Reblogged: Why women talk less

Actors playing women, Naples Archaeological Museum
Actors playing women, Naples Archaeological Museum

This recent piece by the influential gender linguist Deborah Cameron really unpacks the difficulties of creating gender equality in all kinds of public discourse. People have given many relatively simple explanations for why women appear less frequently than men in public life, and why they say less when they do appear, but Cameron shows just how complicated this issue is.

For me, this post is not just intellectually interesting, or something I might follow up in my research, but provides a template for bringing about change. If you are a woman and you’re on a committee, or at a conference, or in a meeting – speak up, and support the women around you in speaking up. To be honest, you can follow that same advice no matter what your gender. As a more junior female academic just starting to take a more active part in university administration, I’m looking forward to putting this into practice with my (fortunately, already very supportive) colleagues.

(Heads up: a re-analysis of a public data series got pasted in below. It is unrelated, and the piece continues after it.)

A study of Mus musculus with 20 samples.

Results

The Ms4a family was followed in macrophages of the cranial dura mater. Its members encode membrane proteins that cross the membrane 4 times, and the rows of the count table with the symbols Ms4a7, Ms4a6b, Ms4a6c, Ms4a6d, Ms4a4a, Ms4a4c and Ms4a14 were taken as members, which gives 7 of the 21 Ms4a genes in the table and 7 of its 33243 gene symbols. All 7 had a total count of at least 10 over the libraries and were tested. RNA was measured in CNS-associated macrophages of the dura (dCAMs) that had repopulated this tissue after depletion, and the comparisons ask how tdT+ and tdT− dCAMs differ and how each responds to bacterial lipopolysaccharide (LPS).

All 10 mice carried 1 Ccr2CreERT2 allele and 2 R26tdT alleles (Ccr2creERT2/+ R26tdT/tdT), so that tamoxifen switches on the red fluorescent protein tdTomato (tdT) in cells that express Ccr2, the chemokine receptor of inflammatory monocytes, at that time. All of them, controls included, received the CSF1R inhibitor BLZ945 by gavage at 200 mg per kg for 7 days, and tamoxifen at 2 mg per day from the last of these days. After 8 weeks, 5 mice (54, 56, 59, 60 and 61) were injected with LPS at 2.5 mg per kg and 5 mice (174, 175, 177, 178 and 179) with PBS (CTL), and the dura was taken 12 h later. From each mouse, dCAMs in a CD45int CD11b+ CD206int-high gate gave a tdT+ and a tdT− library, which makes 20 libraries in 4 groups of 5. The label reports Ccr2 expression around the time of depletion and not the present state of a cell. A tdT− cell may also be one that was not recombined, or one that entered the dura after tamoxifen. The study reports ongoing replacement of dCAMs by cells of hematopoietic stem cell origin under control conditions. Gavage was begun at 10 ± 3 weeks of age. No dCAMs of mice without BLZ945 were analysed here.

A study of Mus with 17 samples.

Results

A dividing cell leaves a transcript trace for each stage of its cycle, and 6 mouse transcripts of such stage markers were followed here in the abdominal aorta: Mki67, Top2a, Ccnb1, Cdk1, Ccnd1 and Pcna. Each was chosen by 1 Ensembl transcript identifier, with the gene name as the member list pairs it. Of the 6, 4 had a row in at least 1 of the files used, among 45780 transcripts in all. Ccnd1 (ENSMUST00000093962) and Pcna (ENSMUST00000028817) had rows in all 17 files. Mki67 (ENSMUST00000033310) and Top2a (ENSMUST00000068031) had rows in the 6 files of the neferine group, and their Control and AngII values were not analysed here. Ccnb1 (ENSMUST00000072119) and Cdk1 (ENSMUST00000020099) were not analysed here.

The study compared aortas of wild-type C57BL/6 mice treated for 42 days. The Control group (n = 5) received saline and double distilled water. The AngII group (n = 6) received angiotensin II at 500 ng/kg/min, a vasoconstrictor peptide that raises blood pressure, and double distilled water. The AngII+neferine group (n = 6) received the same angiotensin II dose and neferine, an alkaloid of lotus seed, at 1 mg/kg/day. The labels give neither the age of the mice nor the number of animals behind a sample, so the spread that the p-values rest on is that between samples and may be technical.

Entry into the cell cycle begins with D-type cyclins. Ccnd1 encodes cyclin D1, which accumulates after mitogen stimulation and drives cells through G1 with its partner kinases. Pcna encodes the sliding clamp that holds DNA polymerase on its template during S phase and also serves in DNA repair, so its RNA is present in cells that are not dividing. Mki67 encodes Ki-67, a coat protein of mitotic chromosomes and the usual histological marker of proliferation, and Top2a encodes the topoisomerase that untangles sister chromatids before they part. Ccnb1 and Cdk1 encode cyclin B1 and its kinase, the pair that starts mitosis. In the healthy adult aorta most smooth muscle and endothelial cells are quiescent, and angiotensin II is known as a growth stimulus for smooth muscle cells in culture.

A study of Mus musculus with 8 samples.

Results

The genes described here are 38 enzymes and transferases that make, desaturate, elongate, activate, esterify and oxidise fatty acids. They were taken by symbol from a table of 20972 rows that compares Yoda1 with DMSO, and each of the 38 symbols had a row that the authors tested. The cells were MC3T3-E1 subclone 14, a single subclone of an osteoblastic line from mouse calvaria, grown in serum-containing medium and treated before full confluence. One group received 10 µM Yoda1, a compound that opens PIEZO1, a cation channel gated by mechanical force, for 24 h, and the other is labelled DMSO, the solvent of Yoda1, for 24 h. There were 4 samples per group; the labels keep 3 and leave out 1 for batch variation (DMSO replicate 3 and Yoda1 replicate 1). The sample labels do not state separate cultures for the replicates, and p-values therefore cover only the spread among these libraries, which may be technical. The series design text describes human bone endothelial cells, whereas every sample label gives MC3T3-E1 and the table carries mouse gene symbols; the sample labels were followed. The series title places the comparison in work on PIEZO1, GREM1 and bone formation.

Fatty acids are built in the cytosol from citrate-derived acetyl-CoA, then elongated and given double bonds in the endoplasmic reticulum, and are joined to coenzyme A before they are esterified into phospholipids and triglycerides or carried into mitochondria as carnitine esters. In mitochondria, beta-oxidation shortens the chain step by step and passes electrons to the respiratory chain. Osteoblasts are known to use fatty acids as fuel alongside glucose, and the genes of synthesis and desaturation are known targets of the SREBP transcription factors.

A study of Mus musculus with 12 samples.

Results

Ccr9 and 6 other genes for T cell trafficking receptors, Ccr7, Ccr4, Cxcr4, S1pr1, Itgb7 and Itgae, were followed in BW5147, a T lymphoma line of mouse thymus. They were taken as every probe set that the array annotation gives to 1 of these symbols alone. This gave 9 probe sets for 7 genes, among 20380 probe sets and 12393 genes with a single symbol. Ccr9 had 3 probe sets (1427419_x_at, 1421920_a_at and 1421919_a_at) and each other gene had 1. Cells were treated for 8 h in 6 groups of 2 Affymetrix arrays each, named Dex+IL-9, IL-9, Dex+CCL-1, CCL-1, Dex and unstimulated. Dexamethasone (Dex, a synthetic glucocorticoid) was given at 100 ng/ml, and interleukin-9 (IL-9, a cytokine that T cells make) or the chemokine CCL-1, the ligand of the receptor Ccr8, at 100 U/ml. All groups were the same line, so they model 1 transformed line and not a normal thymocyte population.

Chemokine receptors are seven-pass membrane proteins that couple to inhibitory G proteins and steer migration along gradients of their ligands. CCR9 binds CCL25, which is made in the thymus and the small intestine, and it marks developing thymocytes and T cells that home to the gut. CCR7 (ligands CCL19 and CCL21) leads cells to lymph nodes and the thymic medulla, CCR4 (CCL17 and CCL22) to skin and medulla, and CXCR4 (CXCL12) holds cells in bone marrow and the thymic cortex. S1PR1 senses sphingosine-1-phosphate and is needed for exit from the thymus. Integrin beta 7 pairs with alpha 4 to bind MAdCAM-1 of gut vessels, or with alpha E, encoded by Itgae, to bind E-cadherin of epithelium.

A great piece, highly recommended reading. If you’re interested in reading more work by Deborah Cameron, I found her book Language and Sexuality very informative when I was getting into this kind of research (Cameron, D. and D. Kulick (2003) Language and Sexuality. Cambridge: Cambridge University Press). From a quick glance at her publications list, I can see she has some more recent work I’ll be chasing up too.